Ever since the introduction of the digital camera, a war has raged within the photographer community. There are those that would claim 35mm film is the one true "professional" media, and digital its casual, amateur counterpart. Conversely as costs go down and quality increases, there is an ever expanding group of professional photographers who shoot only in digital. So what is a consumer to think? Is 35mm still the way to go, or is it time to trade up for a new digital model? It's time to break each format down and seal this deal, once and for all.
Digital Photography: Amateur?
It is true that there are many digital cameras on the market, and like their 35mm counterparts there is an endless supply of variables that can impact the images each one is capable of producing. Image quality (in terms of color contrast and depth of field) have always been a major concern for those taking digital images and is still one of the common excuses heard from the opposition. Add to this the fact that finding a digital camera that could match the sheer raw data contained in a photograph on film was both arduous and incredibly expensive, and the 35mm enthusiast has a fairly solid argument.
Fortunately for the consumer, the price of an high quality digital camera has dropped sharply in the last few years. Canon's popular "Digital Rebel" line of SLRs has given people an affordable (under $1,000) entry-level camera that produces near professional results. And since Canon isn't the only camera company in the world, it's a safe bet consumers can look forward to even better cameras at even lower prices as manufacturers double their efforts to be first in line at the retail counter.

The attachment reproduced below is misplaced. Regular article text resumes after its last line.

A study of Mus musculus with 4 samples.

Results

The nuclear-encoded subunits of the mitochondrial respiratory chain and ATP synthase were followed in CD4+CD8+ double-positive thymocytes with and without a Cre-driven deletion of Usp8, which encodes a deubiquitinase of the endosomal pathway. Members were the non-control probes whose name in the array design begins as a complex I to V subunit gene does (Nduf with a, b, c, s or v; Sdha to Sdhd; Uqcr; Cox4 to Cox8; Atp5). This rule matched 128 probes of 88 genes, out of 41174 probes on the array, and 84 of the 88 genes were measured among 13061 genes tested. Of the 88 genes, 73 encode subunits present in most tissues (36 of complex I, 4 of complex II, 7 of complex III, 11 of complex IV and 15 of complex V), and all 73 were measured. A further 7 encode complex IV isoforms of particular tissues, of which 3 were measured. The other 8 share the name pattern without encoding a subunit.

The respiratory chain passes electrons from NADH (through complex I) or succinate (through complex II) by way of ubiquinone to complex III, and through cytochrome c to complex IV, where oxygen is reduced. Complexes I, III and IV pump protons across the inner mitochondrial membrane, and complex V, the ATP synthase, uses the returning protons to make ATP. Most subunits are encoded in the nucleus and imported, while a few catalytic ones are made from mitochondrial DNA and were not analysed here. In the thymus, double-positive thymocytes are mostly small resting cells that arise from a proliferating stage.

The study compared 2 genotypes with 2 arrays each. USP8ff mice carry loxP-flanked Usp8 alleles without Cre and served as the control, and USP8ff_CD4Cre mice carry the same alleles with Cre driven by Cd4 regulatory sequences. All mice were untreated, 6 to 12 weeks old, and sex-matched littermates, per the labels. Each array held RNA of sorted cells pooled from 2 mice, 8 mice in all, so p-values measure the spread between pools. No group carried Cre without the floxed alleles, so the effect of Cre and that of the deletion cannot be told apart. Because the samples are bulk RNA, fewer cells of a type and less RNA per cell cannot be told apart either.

35mm: Is it Antiquated?
In these modern times, why even use film at all? It's certainly no secret that film has an unforgiving and often expensive learning curve, and recent trends show that more people prefer digital for just those reasons. After all, when taking pictures at an event like a Super Bowl, would it better to have the potential for thousands of pictures, or just the film you have with you? Sports Illustrated photographers answered that question by shooting over 16 thousand images in 2004's bowl, entirely in digital.
However, just as some music enthusiasts claim that everything sounds better on a record, there are still photographers who think that nothing compares to a fresh roll of film. In fact, developing film manually and printing photos in a darkroom is one of the most rewarding and hands on photography experiences one can have. Sure, photos can be endlessly edited and re-edited using fancy tools like Adobe Photoshop, but clicking a mouse is just very different than the tactile sensations of the darkroom. And of course, having someone else print up a roll of film only takes an hour or so.
And the Winner Is..
Neither! Based on the accessibility of technology and the vast educational resources devoted to the topic, there's really no defining point that wins this battle one way or the other. As with many debates, the winner is going to be decided based upon the needs and desires of the individual photographer. Families wanting to take pictures and share their memories on the fly often choose digital due to its instant gratification and convenience, while others like having photo prints to display them in a picture frame or album. Thanks to powerful yet affordable innovations in digital and the classic, "do it yourself familiarity of film" the choice is now directly in the hands of the consumer- right where it belongs.